The film series goes out with a lush, thoughtful movie that is more than a Biblical allegory ... although it certainly is that.
“Harmonia” is a beautiful film written and directed by Ori Sivan. Although it is set in contemporary Jerusalem, it s based on the story of Abraham, Sarah, and Hagar, from Genesis.
Alon Aboutboul is Abraham, the handsome, intense conductor of the Jerusalem Philharmonic Orchestra. Tali Sharon is Sarah, Abraham’s wife, who plays the harp in the orchestra.
Yanna Yossef plays Hagar, who pays the French horn and becomes a member of the orchestra.
Sarah cannot have children — all her pregnancies result in miscarriage. After she has become extremely close to Hagar, she suggests to Abraham that Hagar conceive his child, and that that Abraham and Sarah will raise it.
And that they do, with Hagar leaving the orchestra. But the boy Ben/Ismail is sullen and contrary. Even though he is musically gifted, he doesn’t want to play the piano, as he mother instructs him.
At last, Abraham and Sarah do have a child of their own. Isaac is sweet and quiet, but Ismail is out of control.
The atmosphere, including the gorgeous cinematography and score, is lush — a true feast for the senses. Subtitles from Genesis help viewers follow along the Biblical story as the contemporary tale unfolds.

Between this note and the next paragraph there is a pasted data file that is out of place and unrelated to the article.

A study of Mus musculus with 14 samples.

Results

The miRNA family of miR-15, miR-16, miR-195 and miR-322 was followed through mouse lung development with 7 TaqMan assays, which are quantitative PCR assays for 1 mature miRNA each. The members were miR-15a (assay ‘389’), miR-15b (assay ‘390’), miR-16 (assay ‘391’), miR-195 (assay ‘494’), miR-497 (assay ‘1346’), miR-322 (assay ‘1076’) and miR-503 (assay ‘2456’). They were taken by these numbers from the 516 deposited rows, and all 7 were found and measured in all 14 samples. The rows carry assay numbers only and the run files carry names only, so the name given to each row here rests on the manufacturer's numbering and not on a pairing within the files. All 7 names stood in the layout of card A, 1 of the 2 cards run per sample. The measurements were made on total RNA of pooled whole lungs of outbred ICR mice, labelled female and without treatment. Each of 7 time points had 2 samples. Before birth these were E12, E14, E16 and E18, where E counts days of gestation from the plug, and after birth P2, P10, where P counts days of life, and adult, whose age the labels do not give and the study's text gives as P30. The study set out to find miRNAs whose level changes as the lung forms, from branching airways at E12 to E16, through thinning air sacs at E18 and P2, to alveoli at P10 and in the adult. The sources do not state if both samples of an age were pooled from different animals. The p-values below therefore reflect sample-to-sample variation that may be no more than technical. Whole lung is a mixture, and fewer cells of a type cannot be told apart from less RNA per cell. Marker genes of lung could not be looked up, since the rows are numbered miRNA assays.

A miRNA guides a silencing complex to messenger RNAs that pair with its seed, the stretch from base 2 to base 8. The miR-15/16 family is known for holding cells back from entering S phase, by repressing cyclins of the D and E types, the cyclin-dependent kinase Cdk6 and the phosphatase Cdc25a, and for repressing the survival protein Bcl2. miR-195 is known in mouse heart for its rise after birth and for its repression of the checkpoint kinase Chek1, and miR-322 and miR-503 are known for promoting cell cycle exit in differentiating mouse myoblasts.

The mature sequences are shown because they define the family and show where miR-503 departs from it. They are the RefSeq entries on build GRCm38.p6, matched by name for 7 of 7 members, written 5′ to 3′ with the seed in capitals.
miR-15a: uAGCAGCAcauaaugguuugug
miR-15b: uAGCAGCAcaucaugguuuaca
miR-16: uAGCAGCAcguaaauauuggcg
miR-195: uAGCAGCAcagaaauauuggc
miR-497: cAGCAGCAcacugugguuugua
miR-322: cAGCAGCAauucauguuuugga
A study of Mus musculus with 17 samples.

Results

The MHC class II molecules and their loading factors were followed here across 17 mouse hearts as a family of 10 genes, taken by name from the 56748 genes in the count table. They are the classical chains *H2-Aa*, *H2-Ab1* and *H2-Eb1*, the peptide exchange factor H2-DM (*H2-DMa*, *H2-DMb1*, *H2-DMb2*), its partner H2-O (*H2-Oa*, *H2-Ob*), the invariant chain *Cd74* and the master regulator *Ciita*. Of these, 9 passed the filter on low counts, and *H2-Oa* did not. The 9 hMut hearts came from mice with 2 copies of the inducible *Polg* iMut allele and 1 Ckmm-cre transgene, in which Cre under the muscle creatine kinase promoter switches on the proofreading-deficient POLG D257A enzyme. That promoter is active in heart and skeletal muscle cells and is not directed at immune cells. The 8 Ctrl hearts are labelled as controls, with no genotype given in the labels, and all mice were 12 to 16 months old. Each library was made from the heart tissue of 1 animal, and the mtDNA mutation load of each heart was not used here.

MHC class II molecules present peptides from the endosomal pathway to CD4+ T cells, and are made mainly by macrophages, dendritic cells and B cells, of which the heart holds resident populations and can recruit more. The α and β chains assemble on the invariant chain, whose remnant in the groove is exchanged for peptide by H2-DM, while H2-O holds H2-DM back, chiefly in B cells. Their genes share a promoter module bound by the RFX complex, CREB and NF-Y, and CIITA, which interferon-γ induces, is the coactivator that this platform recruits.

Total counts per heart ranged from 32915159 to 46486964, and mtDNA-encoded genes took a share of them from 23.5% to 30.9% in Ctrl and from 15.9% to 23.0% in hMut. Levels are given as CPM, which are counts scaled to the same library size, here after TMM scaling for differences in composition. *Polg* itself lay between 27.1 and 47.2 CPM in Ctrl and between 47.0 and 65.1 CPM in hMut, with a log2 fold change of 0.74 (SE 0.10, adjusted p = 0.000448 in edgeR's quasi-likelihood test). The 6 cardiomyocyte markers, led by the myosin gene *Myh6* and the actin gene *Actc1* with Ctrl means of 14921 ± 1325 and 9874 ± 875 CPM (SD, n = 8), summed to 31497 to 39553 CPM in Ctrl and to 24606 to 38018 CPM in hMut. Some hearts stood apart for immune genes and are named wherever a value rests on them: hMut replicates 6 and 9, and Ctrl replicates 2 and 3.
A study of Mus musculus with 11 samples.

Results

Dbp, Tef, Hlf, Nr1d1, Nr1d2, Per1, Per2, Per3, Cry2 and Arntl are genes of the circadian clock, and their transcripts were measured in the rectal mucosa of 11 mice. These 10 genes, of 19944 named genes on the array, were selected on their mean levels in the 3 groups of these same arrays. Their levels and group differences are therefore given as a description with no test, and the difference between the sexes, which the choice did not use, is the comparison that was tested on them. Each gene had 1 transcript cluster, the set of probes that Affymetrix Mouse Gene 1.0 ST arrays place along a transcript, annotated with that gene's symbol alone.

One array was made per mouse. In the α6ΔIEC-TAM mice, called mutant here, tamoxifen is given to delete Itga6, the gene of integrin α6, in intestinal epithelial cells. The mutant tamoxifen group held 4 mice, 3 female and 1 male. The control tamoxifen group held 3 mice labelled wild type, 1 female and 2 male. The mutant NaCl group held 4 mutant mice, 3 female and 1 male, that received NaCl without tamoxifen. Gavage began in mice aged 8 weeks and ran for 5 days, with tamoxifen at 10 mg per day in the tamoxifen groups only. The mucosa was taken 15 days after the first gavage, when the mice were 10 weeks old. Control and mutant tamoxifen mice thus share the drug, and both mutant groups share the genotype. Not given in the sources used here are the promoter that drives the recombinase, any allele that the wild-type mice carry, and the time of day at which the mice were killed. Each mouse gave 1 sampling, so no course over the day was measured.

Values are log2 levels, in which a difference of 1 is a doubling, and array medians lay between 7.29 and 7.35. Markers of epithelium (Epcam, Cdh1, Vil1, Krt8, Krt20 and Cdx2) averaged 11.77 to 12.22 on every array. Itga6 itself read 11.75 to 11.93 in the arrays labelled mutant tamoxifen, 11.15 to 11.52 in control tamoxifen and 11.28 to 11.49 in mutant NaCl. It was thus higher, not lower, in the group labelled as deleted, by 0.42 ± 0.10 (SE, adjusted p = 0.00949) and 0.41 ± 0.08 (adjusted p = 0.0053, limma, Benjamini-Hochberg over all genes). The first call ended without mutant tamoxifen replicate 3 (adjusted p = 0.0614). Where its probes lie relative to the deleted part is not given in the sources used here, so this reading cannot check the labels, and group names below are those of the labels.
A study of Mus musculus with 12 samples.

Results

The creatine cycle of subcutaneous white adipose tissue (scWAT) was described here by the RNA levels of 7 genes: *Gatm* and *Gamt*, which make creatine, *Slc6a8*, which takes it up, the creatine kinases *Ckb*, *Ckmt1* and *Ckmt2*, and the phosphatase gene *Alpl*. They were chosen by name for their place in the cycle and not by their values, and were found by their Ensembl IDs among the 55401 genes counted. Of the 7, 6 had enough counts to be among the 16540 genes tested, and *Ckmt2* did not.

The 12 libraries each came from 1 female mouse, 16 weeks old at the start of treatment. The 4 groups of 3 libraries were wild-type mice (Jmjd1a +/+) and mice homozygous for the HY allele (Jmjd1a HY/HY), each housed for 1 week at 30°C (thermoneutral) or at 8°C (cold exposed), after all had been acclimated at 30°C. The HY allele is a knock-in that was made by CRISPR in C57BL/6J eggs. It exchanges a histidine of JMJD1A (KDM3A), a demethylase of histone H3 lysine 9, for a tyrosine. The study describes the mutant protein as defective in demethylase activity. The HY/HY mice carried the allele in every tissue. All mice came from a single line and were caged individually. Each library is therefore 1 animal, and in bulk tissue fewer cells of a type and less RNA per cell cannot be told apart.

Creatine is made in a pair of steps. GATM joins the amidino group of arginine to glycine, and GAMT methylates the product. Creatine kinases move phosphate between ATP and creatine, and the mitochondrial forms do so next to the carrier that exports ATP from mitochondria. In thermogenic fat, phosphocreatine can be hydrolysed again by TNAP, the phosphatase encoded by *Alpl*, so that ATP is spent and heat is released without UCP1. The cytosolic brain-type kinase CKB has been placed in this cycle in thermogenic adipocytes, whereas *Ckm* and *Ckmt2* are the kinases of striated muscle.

There’s more than the story of the three adults involved. Ismail, after all, is half Arabic in this telling. He is brought up in a Jewish Israeli home, but never quite fits in.
Music, and indeed the very music the characters perform, and how they play their instruments, is a crucial element in this film. Music represents the way the characters feel, with each playing a different instrument. And take note — pun intended — of the use of the Rimsky-Korsakov “Scheherazade” that carries the Arabic theme throughout the film, which also emphasizes the clash between people in the family and the cultures within the world at large.
Always, the characters seek harmony, sometimes through music and sometimes through understanding.
The acting is superlative. I love the way the two women share a deep friendship, and how they are so comfortable with each other that the idea that one could conceive a child for the other seems to be a natural part of the friendship.
There is a slightly surreal feel to the movie, too, which intensifies the emotions in the story itself and the audience. It will appeal especially to viewers who have an understanding and affinity for symphonic music — they will find this harmonious indeed.